Learning to Look: How to Build a Fur Trader’s Cabin

Cabin with wide square logs and a stone chimney in a museum hall

MSU Museum Heritage Hall

Ever wonder how to build a cabin? How about the Fur Trader’s Cabin exhibit at the MSU Museum? It’s a real cabin that was built around 1830 on Grand Island, Michigan. Abraham Williams came to the island with his family in 1840 to operate the fur trading post. Anna Marie Williams (later Powell), his  daughter, remembered that summer day:

“I’ll never forget how the Island looked the first time I saw it. I was twelve. Quite a big girl. I’d learned to knit double and twisted… We came to the Island in the schooner Mary Elizabeth. It took us two weeks from the Sault… We landed on the mainland July 30, 1840. They had told father at the Sault that the buildings at the trading post were habitable. There were four log-houses. The biggest one had been used as a store. It had counters and shelves.”*

Drawing of Hotel Williams and 5 log buildings on Murray Bay, Munising, Alger County, Michigan

Library of Congress, Prints & Photographs Division, HABS Reproduction number: HABS MICH,2-GRAIL,1–1

Cabin with wide square logs and two entry doors on either side of a center window in a museum hall

MSU Museum Heritage Hall

When the fur trade declined in the area, the cabins were used for other purposes. New buildings were added to the site, including the big Hotel Williams. (The Museum’s cabin in second from the left along the shoreline in this old drawing.) In 1965, the property owner, the Cleveland Cliffs Mining Company, decided to remove the cabins. One cabin was donated to the MSU Museum. The building was taken apart and each piece carefully numbered, so it could be put it back together the right way at the Museum. All the pieces were loaded onto a big truck, driven to East Lansing, and reassembled (with a few changes) inside Heritage Hall. Some parts, like the chimney and roof, are not original.

What pieces do you need to build a cabin?

The main parts – starting at the bottom and building up!

Sill log – The first, bottom (foundation) log of a cabin wall. This log supports all the others. Because these logs sit right on the ground, they often rot away from moisture damage.

Exploded line drawing of a cabin showing different parts of building

Parts of a log building – MSU Museum

Logs – Logs are stacked on top of each other to form the walls. The bark may be peeled off or left on.

Notch – A special cut made on the end of a log. There are different kinds of notches, but they all work to lock the logs of a cabin together.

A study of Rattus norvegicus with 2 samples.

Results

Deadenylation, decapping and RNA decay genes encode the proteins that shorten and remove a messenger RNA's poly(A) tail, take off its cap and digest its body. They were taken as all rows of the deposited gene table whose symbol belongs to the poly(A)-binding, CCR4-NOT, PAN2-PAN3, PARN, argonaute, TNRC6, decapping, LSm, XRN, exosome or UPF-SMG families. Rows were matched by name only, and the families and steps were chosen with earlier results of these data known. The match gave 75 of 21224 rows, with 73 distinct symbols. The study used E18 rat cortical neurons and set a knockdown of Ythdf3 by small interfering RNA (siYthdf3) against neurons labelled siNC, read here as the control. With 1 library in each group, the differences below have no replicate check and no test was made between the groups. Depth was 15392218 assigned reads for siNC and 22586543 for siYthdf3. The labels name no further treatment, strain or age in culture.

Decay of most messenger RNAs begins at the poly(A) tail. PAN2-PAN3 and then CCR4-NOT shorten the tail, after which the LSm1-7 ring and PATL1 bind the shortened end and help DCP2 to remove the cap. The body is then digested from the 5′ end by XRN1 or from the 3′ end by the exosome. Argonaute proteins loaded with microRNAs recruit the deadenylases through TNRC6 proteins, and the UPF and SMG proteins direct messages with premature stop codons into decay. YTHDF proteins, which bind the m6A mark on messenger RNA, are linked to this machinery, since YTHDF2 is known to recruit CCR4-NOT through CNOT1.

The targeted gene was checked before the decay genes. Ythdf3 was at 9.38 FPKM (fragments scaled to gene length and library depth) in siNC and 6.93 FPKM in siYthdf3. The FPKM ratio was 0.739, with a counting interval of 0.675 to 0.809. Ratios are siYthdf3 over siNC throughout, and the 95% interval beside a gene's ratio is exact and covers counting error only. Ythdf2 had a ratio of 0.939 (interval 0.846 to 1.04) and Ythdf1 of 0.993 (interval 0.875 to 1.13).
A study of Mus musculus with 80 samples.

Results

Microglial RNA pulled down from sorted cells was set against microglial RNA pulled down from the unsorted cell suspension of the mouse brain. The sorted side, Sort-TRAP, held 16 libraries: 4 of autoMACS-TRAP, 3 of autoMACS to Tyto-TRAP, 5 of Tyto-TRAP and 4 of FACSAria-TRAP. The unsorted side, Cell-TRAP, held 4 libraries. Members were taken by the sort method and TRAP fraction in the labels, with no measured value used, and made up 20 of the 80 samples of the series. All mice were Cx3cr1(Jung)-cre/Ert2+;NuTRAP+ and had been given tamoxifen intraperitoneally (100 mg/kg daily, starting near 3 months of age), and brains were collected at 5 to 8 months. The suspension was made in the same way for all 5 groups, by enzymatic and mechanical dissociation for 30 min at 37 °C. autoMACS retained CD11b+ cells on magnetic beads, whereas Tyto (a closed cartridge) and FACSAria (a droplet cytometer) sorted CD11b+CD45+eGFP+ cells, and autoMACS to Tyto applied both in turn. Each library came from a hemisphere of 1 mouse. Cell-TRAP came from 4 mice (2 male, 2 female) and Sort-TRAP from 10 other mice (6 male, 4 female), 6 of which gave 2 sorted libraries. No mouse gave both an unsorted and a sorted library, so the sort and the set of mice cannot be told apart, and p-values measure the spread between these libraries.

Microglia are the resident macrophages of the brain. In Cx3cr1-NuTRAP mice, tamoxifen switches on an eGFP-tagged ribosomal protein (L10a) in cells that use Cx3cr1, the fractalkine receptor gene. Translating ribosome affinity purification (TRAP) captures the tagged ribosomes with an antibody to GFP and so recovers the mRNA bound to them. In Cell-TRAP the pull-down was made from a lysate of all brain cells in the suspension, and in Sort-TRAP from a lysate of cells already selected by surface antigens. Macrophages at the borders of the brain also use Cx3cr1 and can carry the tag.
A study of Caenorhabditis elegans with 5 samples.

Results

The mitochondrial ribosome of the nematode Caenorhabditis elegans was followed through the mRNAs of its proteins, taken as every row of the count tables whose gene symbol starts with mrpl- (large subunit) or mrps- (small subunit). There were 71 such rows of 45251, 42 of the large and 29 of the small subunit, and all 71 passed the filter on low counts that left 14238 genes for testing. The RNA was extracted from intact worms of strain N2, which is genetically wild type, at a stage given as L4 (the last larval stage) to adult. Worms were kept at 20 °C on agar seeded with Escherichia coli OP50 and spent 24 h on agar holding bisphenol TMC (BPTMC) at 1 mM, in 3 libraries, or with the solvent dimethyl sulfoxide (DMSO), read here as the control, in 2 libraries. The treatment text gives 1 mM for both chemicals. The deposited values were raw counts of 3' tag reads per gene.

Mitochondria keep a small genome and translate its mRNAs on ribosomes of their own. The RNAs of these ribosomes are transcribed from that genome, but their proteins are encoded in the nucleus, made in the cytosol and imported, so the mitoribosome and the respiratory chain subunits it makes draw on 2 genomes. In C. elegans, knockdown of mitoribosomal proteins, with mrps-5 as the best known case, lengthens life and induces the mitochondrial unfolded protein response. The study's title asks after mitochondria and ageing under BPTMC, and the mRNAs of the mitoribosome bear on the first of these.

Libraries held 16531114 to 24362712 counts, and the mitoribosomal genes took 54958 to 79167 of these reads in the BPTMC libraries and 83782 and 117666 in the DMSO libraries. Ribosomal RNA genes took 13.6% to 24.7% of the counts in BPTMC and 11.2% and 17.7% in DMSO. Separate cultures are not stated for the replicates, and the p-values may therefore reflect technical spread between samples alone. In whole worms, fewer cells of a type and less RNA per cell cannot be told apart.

Chink area – Space between the logs. This space is filled with a material to keep out the weather. In the past, people used a plaster-like mud called daub, which became hard when it dried.

Rafter – Wooden beam that holds up the roof of a building. The rafters are usually covered with pieces of wood to which the shingles are nailed.

Shingles – Pieces of wood or other material that are used to cover a roof. They are nailed to the wood covering the rafters. Shingles help to keep out rain and snow.

Other Parts

Door – To get in and out of the cabin

Window – To let in light. In the past, many cabins would not have had glass windows, since glass was very expensive and hard to transport without breaking.

Chimney – A structure attached to a fireplace and used to vent smoke out of a building. Usually made of stone or brick.

Cabin Activities

Test Yourself!: Missing Labels! Using the word bank, fill in the missing labels for each part of the cabin (rafter, window, shingle, notch, chink area, logs, door, sill log, chimney)

Word Search Activity: Find all the words related to cabins

Build your own cabin model: You can build a mini-cabin using many different kinds of materials. Try using actual sticks you find on the ground outside, straws, pretzel rods, plastic building bricks, strips of cardboard – whatever! Don’t forget to make a roof. Or make it easier and draw the logs and other parts onto a cardboard box. Have fun with your design!

Learn More

National Park Service Preservation Brief 26: The Preservation and Repair of Historic Log Buildings

 

*Beatrice Hanscom Castle, The Grand Island Story (Marquette, MI: John M. Longyear Research Library, 1974) 31-32.